Lend Your Hands, Save a Life Award
The Lend Your Hands, Save a Life Award was established by Medical Director George Chiampas, D.O. to recognize a member of the medical program who demonstrates extraordinary commitment to participant safety, contributes innovative medical processes that enhance participant safety and experience, or who goes above and beyond the call of duty to have a positive impact on participants.
2019 Recipients | Ann Phelps and Kelsey Keener
Ann Phelps, a Physical Therapist from Athletico, and Kelsey Keener, a student of physical therapy at Northwestern Memorial Hospital, went above and beyond to support a runner who presented with troubling hip pain on race day. Both volunteers decided to accompany the runner to Laflin Medical Tent, where it was determined that the runner had a stress fracture and would not be able to finish the race. Ann and Kelsey then accompanied their patient to Balbo Medical Tent, and ultimately in an ambulance to the hospital. In choosing to accompany the runner every step of the way through our medical program, Ann and Kelsey went above and beyond the call of duty to attend the physical and emotional needs of a participant whose race was cut short.
2018 Recipient | Dr. Andrew Cunningham
The 2018 recipient of the Lend Your Hands, Save a Life Award is Dr. Andrew Cunningham, a resident through the McGaw Medical Center at Northwestern University. On race day, Dr. Cunningham personally accompanied a critically ill participant in an ambulance to a local hospital, monitoring the patient and intervening during the trip to stabilize her health and save her life. An active volunteer in medical programs at Northwestern and in Chicago, Dr. Cunningham has volunteered for the Bank of America Chicago Marathon Medical Program since 2016. Other volunteer efforts include serving as a CPR instructor for the Chicago Cardiac Arrest Resuscitation Education Service, as a volunteer instructor for various simulation courses for the Northwestern University Feinberg School of Medicine, and as a volunteer member of the Northwestern Emergency Medicine Wellness Committee. Among his colleagues, Dr. Cunningham is recognized as an outstanding physician and educator who has contributed to the residency program, the medical school and the local community over the years.
2017 Recipient | Eric McQuaid
Eric McQuaid has been a medical volunteer for the Bank of America Chicago Marathon and Bank of America Shamrock Shuffle for eight years. More recently, Eric was tapped as a key lead for the Medical Response Team. In this position, one of his primary goals was volunteer training and to shorten the learning curve for new volunteers. In addition to the creation of many educational materials, Eric initiated a mock marathon event to train hundreds of event volunteers from numerous universities and hospitals. This training helps to give medical volunteers the opportunity to practice their triage and emergency communication system, better preparing them for their race day role.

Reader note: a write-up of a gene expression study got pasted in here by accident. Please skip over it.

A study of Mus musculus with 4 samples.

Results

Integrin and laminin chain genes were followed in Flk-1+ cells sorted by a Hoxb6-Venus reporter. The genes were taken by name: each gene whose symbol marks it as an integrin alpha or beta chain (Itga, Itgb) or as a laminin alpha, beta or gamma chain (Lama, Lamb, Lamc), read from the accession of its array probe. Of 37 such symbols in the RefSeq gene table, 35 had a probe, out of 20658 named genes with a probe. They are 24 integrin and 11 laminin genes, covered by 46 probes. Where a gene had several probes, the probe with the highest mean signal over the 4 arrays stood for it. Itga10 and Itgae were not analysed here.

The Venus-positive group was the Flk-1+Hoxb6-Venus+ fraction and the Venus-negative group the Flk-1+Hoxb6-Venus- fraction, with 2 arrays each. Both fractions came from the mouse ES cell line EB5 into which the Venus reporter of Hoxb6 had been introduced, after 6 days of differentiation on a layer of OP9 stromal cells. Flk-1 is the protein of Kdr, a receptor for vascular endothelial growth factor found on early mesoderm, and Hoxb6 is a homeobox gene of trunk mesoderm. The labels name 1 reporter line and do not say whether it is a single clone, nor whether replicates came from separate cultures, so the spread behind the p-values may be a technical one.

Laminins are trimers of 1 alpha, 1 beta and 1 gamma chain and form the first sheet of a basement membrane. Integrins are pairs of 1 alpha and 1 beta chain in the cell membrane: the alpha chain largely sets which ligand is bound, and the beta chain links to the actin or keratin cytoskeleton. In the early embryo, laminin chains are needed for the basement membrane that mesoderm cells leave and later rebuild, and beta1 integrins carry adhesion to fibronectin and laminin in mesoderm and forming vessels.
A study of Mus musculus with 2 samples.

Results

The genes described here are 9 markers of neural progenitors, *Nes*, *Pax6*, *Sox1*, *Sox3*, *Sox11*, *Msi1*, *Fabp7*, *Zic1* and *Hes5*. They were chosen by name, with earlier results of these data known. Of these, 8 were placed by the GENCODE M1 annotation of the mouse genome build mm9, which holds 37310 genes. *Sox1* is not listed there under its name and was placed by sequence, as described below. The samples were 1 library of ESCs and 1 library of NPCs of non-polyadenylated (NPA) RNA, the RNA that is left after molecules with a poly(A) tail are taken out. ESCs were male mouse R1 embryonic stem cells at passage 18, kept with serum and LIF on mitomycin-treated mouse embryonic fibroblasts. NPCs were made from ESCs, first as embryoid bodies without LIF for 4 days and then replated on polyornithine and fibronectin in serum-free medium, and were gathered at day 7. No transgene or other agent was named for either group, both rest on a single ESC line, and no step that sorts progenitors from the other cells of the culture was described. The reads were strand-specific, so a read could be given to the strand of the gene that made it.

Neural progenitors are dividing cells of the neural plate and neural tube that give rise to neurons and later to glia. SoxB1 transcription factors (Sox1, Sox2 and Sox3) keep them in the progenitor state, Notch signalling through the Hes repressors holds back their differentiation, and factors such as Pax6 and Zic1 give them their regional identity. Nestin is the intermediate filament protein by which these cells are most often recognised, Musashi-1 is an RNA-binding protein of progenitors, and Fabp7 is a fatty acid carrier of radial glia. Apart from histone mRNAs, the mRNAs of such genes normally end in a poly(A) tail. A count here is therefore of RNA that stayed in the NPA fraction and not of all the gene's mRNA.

2016 Recipient | Andrew Lundgren, ATC
Over the years that Andrew has worked with the marathon, he has shifted from being a volunteer who learned what his volunteer assignment was when he showed up on race day, to developing and managing Medical Response for the Medical Program. Andrew developed Medical Response with two goals in mind: to respond to the increased likelihood of runner collapse in the last half mile of the marathon course; and to proactively place volunteers in roles that correspond to their skills and training so that they feel more effective and engaged in their volunteer work, thus encouraging people to return year after year. When asked what gives him the most satisfaction about working with the marathon, Andrew stated that it is working with a program leadership that seeks to capitalize on individual volunteer strengths, encourages volunteers to take ownership of the service they provide on race day, and that is able to make “constructive changes and decisions in real-time” as the needs of the course, the runners, or the event evolve and change. On a more personal level, he loves to see how his former students come back year after year (some even flying in during the busiest part of the athletic season) to volunteer on race weekend and to see them take up leadership roles that move the Medical Response Program forward in innovative ways. “[The program] is organically growing, and I just sit back and smile as I see alums come in and take the reins.”